The killings have increased as a result of the growing demand for ivory sold on the black-market in China and other Asian countries. - photo by Chris Fourie,

        KENYA - An estimated 100,000 elephants in Africa have been killed by poachers from 2010-12, according to a new peer reviewed study published in the Proceedings of the National Academy of Sciences. The killings have increased as a result of the growing demand for ivory sold on the black-market in China and other Asian countries.
        The study was conducted in Samburu, Kenya, and closely monitored the elephant population in that region and then used data from other sites to draw conclusions about elephant deaths across the continent.
        Counting wildlife can be difficult, but the study collected data from the past 16 years that included births, deaths and whether they were natural or from poachers. The information concluded that between 2010 and 2012 the number of elephants poached amounted to about 100,000.
        It was found that 65 percent of elephant deaths come from illegal killings. That is a 40 percent increase from a decade ago. At the rate elephants are being poached, it will lead to an extinction of the species, the study concludes.
        According to ABC News, George Wittemyer of Colorado State University, the study's lead author, said that with China's population at 1.3 billion and the demand for ivory being so high, the black market price of ivory is up. This results in more impoverished people in Africa "willing to take the criminal risk on and kill elephants. The causation in my mind is clear."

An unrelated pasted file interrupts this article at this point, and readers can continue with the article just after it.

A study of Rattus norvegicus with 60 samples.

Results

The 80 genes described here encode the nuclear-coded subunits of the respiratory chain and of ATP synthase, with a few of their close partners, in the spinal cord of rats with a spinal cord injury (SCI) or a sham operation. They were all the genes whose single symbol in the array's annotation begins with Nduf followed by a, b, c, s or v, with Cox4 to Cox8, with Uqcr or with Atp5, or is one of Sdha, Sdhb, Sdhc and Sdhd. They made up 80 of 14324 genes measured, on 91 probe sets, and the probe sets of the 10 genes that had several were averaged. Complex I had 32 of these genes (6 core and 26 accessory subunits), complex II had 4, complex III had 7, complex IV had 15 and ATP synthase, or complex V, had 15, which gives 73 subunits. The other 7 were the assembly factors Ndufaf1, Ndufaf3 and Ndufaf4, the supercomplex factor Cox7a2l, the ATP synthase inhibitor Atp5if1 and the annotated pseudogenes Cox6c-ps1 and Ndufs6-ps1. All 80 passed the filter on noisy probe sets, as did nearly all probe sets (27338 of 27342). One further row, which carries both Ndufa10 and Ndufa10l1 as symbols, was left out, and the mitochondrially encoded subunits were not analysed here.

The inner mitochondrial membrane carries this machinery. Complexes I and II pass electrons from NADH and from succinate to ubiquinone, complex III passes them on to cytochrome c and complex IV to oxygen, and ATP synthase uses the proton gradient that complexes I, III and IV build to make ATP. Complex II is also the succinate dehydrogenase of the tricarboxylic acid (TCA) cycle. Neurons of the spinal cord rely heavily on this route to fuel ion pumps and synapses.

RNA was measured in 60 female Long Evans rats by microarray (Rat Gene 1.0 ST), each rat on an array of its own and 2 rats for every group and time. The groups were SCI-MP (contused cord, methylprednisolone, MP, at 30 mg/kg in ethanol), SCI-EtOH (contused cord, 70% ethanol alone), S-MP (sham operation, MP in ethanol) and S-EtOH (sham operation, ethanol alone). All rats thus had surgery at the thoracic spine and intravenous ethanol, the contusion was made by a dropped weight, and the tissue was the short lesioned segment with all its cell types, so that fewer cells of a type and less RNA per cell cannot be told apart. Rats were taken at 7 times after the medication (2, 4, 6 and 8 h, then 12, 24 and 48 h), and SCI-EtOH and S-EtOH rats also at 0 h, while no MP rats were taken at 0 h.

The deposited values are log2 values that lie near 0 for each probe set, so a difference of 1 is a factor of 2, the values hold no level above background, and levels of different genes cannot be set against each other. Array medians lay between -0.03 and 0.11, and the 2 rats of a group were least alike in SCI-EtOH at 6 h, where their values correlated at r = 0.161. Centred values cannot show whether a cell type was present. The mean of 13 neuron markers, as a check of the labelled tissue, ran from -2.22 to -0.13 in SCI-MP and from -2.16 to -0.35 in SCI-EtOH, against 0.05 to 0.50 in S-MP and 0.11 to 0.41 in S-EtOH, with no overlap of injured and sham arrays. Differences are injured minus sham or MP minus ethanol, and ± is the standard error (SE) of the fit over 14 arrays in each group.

According to MSN News, "The current demand for ivory is unsustainable. That is our overarching conclusion. It must come down. Otherwise the elephants will continue to decrease," said Iain Douglas-Hamilton, founder of Save the Elephants.
        The study also says that the elephant population now suffers from few prime-aged males, strongly skewed sex ratios and social disruptions such as collapsed families and an increased amount of orphans.
        Although the amount of elephant deaths is up, some areas of Africa have healthier elephant populations than others. According to ABC News, the highest death rate is in central and east Africa. Tanzania's population dropped drastically from 40,000 to 13,000 over the past three years. However, Botswana elephants are doing well with their population growing.
        Though the number of poached elephants is discouraging, Wittemyer still shows optimism. He mentions that if countries are willing to participate in wildlife security that population numbers will remain steady and elephants can survive.
        Contact Lindsey at or on Twitter @LindsPetey.